Coming from someone for whom I have a most profound sense of admiration, the words: “I am in favour of assisted dying” sent unspeakable shivers down my spine.
Those words were spoken by Bishop Desmond Tutu, archbishop emeritus of Cape Town and a Nobel Peace Laureate. He remains chair of the Elders, an international group of former political leaders brought together by Nelson Mandela to work for peace, justice and human rights.
It is important to note here that the most esteemed Bishop has most obviously fallen prey to an emotive hard case – the case of Nelson Mandela’s slow and evidently painful death after his years of endearing flamboyance and renowned unmatched distinction. Tutu is reported to have said: “The manner of Nelson Mandela’s prolonged death was an affront”. He concomitantly concluded: “I have spent my life working for dignity for the living. Now I wish to apply my mind to the issue of dignity for the dying”. If Tutu is not referring to hospice and palliative care for the helplessly aged and for the terminally ill, what he said disturbs me to the core.
As a youthful cleric in the 1990s, assisted suicide and euthanasia came to be among the top social concerns which I passionately addressed after the breaking news relative to Michigan’s Dr Jack Kevorkian who participated in more than three dozen assisted suicides. The issue then was most disturbing to me as a servant of the God – the God who is the Giver of life and the One who ultimately causes it to cease in relation to this mortal existence. Today, as in yesteryears, implications loom large for every family with aging or ailing members.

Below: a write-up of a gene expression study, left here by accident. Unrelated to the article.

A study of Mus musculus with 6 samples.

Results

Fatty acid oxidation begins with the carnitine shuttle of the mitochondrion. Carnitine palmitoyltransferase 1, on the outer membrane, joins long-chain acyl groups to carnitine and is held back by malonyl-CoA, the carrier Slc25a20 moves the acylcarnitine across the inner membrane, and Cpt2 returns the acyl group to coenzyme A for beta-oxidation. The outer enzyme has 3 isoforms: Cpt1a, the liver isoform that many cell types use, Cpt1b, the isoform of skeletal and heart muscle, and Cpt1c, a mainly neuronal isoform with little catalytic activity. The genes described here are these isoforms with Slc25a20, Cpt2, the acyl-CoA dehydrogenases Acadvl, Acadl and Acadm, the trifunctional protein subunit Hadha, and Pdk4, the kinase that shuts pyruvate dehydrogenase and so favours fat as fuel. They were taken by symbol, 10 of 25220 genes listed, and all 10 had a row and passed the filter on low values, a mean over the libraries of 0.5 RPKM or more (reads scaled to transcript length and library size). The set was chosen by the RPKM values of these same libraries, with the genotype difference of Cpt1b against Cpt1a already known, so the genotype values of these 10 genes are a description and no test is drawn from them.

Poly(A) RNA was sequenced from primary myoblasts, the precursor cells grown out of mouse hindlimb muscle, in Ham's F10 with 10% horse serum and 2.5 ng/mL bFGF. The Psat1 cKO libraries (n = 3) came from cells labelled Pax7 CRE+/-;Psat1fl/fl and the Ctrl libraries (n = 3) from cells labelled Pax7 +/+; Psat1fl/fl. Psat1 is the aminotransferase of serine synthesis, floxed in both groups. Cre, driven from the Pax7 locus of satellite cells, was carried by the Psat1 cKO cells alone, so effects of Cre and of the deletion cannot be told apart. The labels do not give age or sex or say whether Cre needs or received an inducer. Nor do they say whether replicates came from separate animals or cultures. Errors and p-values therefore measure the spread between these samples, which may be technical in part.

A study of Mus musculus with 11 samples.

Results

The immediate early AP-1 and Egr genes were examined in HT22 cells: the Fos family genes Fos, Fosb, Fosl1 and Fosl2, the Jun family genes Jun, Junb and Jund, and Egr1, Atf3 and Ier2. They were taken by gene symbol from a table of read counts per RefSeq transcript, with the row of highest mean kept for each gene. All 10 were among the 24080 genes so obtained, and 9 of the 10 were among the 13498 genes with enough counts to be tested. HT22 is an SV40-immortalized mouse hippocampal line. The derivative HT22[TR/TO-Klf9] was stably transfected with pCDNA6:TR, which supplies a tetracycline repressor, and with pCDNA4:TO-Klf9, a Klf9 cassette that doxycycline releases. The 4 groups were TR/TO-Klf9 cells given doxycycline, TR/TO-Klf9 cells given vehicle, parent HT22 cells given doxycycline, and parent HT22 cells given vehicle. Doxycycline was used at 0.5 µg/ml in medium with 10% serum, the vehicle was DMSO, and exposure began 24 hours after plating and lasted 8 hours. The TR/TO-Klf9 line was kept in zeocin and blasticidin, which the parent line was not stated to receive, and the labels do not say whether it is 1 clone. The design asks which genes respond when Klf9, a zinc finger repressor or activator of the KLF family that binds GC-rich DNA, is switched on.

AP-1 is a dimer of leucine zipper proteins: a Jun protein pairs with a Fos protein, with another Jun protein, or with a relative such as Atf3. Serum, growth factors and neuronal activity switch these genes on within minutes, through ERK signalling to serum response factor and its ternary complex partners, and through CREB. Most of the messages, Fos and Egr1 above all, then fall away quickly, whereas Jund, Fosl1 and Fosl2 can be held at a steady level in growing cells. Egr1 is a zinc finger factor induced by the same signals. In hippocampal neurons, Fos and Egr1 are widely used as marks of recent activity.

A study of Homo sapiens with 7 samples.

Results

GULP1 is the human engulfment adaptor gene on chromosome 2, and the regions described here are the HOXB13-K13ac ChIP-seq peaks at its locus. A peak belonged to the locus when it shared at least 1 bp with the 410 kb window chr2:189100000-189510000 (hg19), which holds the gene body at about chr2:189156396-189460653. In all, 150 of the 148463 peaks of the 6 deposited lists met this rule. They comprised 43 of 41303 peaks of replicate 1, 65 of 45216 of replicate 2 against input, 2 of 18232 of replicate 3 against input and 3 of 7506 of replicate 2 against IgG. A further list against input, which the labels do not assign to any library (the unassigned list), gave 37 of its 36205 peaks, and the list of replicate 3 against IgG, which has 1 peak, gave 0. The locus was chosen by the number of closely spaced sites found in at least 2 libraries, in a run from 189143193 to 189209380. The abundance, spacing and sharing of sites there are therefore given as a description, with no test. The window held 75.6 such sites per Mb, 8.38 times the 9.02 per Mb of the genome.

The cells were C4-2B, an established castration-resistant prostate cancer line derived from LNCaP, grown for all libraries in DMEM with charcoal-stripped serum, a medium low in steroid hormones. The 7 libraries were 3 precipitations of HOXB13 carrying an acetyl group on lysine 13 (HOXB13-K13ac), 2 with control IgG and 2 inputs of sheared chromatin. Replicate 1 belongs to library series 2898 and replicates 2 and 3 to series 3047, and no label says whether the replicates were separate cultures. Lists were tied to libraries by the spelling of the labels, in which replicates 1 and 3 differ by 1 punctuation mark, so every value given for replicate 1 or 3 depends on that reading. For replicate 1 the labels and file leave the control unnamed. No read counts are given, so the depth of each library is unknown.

By the way, for the record, there are two instances of euthanasia in the Bible.
In the first, according to Judges 9:52-55, Abimelech, believing himself to be fatally wounded (with a fractured skull after being hit on the head by a millstone), asks his armour-bearer to kill him to spare him the ‘indignity’ of being killed by a woman. In the second, according to 2 Samuel 1:6-9, an Amalekite dispatches the mortally injured Saul, still alive after a failed attempt at suicide.
These two cases demonstrate the two main arguments for euthanasia, autonomy (‘death with dignity’) and compassion (‘release from suffering’). We note, however, that there is nothing in the Bible indicating that God acquiesced in any way to the actions taken – neither for dignity nor for mercy.
As for me and my house (family and church), the perspective on the subject of ‘assisted suicide’ is simple. We believe in the sanctity of life from the moment of conception until natural death. I have shared with my congregations over 60 passages of scripture in the Bible that relate to the sanctity of life, beginning with ‘Thou Shalt Not Kill.’ Ultimately, we believe that God is the Giver and Taker of life and that His will in such matters takes precedence over man’s will.
Finally, the Church’s experience with healing must lead us to uphold that assisted dying (actually assisted suicide) is not a genuine expression of faith and is a denial of God’s presence and power.